Oct. 11, 2016 8:19 P.M. (Updated: Oct. 12, 2016 7:10 P.M.)
RAMALLAH (Ma'an) -- Four Palestinian youths were injured with live fire Tuesday evening when clashes erupted in the town of al-Ram in the occupied West Bank district of Jerusalem between Israeli forces and Palestinian youth amid ongoing raids in the community in the aftermath of a deadly shooting attack on Sunday.

According to a Ma’an reporter, clashes broke out at the main entrance of the town, as Israeli soldiers “heavily” opened live fire at Palestinian youth, reportedly targeting their legs and knees, injuring four.

An Israeli police spokesperson could not be immediately reached for comment.

The raid came two days after a deadly shooting attack in the occupied East Jerusalem neighborhood of Sheikh Jarrah, which left an Israeli police officer and an Israeli woman killed before the attacker, Misbah Abu Sbeih, was shot to death by Israeli police.

A resident of Silwan, Abu Sbeih was banned from the whole of East Jerusalem for a month recently, after he had already been banned from entering the Al-Aqsa Mosque for six months, forcing him to move in with his family in the village of al-Ram.

In July, he was also issued a travel ban until the end of the year.

Al-Ram has experienced ongoing detention campaigns and heavy security restrictions since the attack.

Israeli forces earlier Tuesday raided a building in the town belonging to the family of Abu Sbeih, amidst an ongoing crackdown on the gunman’s family, town, and surrounding neighborhoods, according to witnesses and Israeli authorities.

Israeli troops stormed the building at 4 a.m. on Tuesday and broke into all four apartments in the building.

The soldiers rounded up all family members in one room "at gunpoint and did not allow them to talk or move," according to witnesses.

Soldiers then searched every room, "damaging the family’s belongings," while other soldiers took photos and measurements of the apartments, seemingly in preparation for an impending punitive demolition of their homes.

The soldiers also threatened to storm the building again if the summoned family members -- including three of Abu Sbeih's brothers and three of his uncles -- did not show up for questioning, although Abu Sbeih’s father maintained that they were not told where or when they should go.

The family also said that Israeli soldiers threatened to revoke their Jerusalem IDs.

Separately, Israeli forces sealed a sweet shop and other stores in the same building belonging to Abu Sbeih’s father.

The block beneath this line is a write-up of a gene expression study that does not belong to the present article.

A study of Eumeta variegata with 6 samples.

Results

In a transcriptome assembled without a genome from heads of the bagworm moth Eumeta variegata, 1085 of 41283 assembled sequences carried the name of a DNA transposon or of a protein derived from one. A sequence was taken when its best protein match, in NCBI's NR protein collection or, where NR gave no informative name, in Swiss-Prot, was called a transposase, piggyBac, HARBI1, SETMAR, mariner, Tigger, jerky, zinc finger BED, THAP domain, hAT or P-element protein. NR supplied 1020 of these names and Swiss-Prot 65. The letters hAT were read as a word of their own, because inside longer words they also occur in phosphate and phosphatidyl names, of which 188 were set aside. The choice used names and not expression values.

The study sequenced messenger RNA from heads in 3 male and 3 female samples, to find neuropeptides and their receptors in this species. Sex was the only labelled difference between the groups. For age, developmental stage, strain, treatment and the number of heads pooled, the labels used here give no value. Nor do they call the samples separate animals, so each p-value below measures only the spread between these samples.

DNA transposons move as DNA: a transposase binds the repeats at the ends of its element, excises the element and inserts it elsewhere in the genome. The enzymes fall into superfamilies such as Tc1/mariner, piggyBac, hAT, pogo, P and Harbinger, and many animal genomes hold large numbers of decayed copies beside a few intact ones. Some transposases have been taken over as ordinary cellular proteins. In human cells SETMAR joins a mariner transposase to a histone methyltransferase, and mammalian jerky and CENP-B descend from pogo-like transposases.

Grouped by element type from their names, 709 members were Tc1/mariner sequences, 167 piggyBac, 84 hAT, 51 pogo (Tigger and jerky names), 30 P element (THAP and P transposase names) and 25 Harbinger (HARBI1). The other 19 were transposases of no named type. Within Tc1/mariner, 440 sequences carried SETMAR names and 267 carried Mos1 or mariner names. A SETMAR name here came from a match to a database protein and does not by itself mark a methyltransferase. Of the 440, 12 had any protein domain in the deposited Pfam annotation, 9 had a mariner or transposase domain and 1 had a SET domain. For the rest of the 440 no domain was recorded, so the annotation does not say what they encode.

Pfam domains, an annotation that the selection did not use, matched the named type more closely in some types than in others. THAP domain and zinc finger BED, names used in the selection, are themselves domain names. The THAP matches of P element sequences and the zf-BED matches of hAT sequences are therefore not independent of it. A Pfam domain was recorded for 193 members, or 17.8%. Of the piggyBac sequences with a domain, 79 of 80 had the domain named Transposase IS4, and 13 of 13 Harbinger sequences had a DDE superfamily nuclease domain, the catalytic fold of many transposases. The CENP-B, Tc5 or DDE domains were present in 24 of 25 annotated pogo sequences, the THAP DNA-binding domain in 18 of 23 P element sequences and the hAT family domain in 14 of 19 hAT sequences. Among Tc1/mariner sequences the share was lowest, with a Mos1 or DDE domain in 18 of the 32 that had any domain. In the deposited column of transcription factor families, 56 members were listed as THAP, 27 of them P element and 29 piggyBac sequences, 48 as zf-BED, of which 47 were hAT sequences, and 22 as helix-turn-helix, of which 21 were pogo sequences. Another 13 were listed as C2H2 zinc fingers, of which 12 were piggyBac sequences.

The family added that Israeli forces also raided another building which belonged to Misbah Abu Sbeih and his brother Jabir in the Kafr Aqab village in the Jerusalem district, although no family members were present at the time.

Witnesses to the incident told Ma’an that soldiers blew open the main doors to the building.

Israeli soldiers also took indoor and outdoor measurements of the homes at the time, "using laser techniques and digging holes in the walls," according to the family.

They added that Israeli soldiers removed posters, flags, and photographs of Abu Sbeih which had been hung on the walls in al-Ram at the time, and interrogated youth in the area regarding who had printed the images and where.

Israeli police spokeswoman Luba al-Samri confirmed in a statement Tuesday morning that Israeli forces had sealed off the sweet shop in al-Ram belonging to the Abu Sbeih family.

Al-Samri claimed in her statement that the candy store had “been used for incitement,” saying that "inciting video footage encouraging terrorism was filmed inside the shop."

In addition, she said, flags belonging to the Hamas movement were hanging from the store, making it a “center for encouraging terrorism.”

The extensive closures and intensified security announcements came in the wake of a massive detention campaign across the occupied West Bank and East Jerusalem, detaining at least 56 Palestinians in overnight raids, with more than two thirds of the detainees coming from the Jerusalem area.

Israeli authorities have come under repeated criticism for carrying out large scale detention raids, limiting the freedom of mobility of Palestinians, and punitive home demolitions -- what many human rights organizations have called “collective punishment” -- in response to attacks.

Their actions have been condemned by rights groups, who have said the measures amount to “court-sanctioned revenge,” and represent a clear violation of international law.